Strategy J.Crew is officially not trying to be cool anymore — and it's a brilliant move


  • It shows how far the brand is willing to go to bring back consumers who may have flocked to more practicality-focused startups.
  • As customers' preferences change, so must an apparel company's products.

J.Crew will start selling a shirt that can be worn untucked.

This seemingly small move may actually have a huge impact for the brand — and it's the clearest sign yet the brand is moving in the right direction while responding to consumers' demands.

The idea of selling a shirt that is designed to be left untucked is not a new one. It has resurfaced with a force recently, however. A startup known as Untuckit has made a name for itself with this relatively simple idea.

The J.Crew shirt in the "untucked" fit. play

The J.Crew shirt in the "untucked" fit.

(J. Crew)

"Guys had a primal knowledge of what this was," Untuckit cofounder Aaron Sanandres told me in an interview last June. "Guys suffer with it. If you know, no explanation is necessary."

And it's true — too-long shirts have been a struggle for guys ever since our more casual culture arrived with the mandate that you could wear collared shirts without tucking them in. Before brands like Untuckit, guys didn't know where to turn to get a shirt with a shorter hem line that looked good without being tucked in.

That's not to say there weren't options available. J.Crew has been selling casual shirts with a shorter-than-average hemline for years, and those look fine not being tucked. My 5'9" frame has been dressed in them for years.

The problem, then, was marketing. Men didn't know where to find them, and they didn't have the urge to look, preferring to suffer in (semi) silence.

That's what has made Untuckit the sensation it is. It's speaking directly to these men that feel forgotten by mall, department, and discount clothing stores full of long-hemmed shirts. In a rare move for apparel, it also reaches across ages and body types. Untucking your shirt isn't just for old men with guts or young people who want to look casual. Its appeal crosses demographics, and it's not tied to status or cachet.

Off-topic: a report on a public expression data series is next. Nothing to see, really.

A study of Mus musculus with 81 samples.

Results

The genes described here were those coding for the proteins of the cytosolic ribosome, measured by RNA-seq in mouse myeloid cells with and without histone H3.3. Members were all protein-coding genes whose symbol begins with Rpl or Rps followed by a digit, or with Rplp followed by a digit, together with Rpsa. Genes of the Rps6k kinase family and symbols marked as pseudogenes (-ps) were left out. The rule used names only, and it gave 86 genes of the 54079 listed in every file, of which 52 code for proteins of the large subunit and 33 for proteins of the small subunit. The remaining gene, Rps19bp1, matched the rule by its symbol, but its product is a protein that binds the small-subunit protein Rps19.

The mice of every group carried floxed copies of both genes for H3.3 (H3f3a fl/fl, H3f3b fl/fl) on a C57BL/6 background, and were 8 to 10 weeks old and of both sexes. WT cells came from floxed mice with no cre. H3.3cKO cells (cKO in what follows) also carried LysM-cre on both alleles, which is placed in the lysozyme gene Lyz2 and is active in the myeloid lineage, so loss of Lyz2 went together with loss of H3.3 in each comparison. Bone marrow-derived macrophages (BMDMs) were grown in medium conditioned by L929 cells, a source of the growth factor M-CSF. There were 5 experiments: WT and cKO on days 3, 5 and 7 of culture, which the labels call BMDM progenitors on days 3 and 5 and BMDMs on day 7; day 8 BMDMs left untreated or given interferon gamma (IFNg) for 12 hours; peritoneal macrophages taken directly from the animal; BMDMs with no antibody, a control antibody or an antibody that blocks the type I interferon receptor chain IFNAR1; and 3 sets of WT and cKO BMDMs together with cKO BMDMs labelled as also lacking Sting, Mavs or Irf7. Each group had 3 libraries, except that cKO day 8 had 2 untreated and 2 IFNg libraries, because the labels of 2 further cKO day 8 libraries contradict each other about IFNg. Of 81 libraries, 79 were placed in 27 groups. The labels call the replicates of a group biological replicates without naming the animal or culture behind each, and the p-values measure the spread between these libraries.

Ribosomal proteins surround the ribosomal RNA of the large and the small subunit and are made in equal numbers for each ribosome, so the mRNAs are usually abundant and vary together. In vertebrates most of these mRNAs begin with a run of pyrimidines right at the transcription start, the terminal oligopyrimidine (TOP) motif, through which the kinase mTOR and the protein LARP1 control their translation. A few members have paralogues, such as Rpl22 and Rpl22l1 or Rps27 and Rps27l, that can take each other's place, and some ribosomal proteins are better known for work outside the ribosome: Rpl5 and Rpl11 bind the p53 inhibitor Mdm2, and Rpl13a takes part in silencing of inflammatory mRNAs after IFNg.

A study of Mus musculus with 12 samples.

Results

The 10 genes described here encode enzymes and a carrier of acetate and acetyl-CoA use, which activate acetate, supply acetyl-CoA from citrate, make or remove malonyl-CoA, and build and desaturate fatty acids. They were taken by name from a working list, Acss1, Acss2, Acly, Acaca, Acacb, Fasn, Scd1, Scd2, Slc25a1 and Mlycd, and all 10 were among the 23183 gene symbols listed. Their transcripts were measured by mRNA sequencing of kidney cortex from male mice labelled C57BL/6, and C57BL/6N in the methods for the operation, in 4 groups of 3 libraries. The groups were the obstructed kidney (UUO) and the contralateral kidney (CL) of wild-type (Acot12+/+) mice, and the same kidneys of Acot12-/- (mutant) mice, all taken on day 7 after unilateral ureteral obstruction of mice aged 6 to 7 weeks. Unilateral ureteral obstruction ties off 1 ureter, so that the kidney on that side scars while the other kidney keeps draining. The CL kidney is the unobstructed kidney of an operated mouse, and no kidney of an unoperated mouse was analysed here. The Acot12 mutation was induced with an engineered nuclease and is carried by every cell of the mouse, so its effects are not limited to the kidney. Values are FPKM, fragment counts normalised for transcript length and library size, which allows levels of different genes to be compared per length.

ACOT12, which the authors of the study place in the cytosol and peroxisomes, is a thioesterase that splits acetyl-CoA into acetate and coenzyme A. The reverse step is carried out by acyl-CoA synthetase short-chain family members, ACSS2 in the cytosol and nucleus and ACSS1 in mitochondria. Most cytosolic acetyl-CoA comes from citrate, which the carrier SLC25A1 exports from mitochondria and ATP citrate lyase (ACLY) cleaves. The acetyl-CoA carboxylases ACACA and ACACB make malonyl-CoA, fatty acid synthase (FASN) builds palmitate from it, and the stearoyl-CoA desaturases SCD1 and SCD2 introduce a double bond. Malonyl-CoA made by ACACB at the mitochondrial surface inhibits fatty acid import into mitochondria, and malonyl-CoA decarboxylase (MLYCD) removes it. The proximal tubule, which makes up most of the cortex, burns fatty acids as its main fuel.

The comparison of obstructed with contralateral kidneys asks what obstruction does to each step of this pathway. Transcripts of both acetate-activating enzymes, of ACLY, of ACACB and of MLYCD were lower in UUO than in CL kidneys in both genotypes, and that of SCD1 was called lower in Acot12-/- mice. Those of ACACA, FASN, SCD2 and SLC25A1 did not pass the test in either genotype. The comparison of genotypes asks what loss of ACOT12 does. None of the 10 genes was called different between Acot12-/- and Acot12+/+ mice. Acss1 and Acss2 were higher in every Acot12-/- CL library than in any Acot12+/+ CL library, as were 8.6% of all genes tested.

"If you go to our Soho store you'll see a 25-year-old hipster from Brooklyn next to an 85-year-old man from Florida. It's just amazing the range," Untuckit's other cofounder, Chris Riccobono, told me last year. "Anybody who's worn their shirt untucked, whether it's the old classic brands or the new brands, if you've worn your shirt untucked and put on an Untuckit [shirt], it resonates."

Guys want to see this issue solved, no matter who they are.

That small genius of a marketing move has led to sales doubling every year for Untuckit since its inception in 2011, an estimated $200 million valuation, and a $30 million investment led by the venture capital firm Kleiner Perkins. Untuckit is now in the midst of an ambitious physical retail strategy as it opens stores across the country.

It's clear there's demand for this simple idea. J.Crew isn't even the first men's clothing company to copy Untuckit. Bonobos did it last year, adding two new lengths to its casual shirts — short and long — to complement the regular length.

There are plenty of people who don't care about getting the latest trends. They just want clothing that fits well, looks good, and is a decent price. This is a steph in that direction from J.Crew, which has also reduced some prices on popular items and added hidden features, like stretch, to make items more comfortable.

If guys respond to this, it could be a new chapter of customer-centric thinking for a company that is still looking for a turnaround.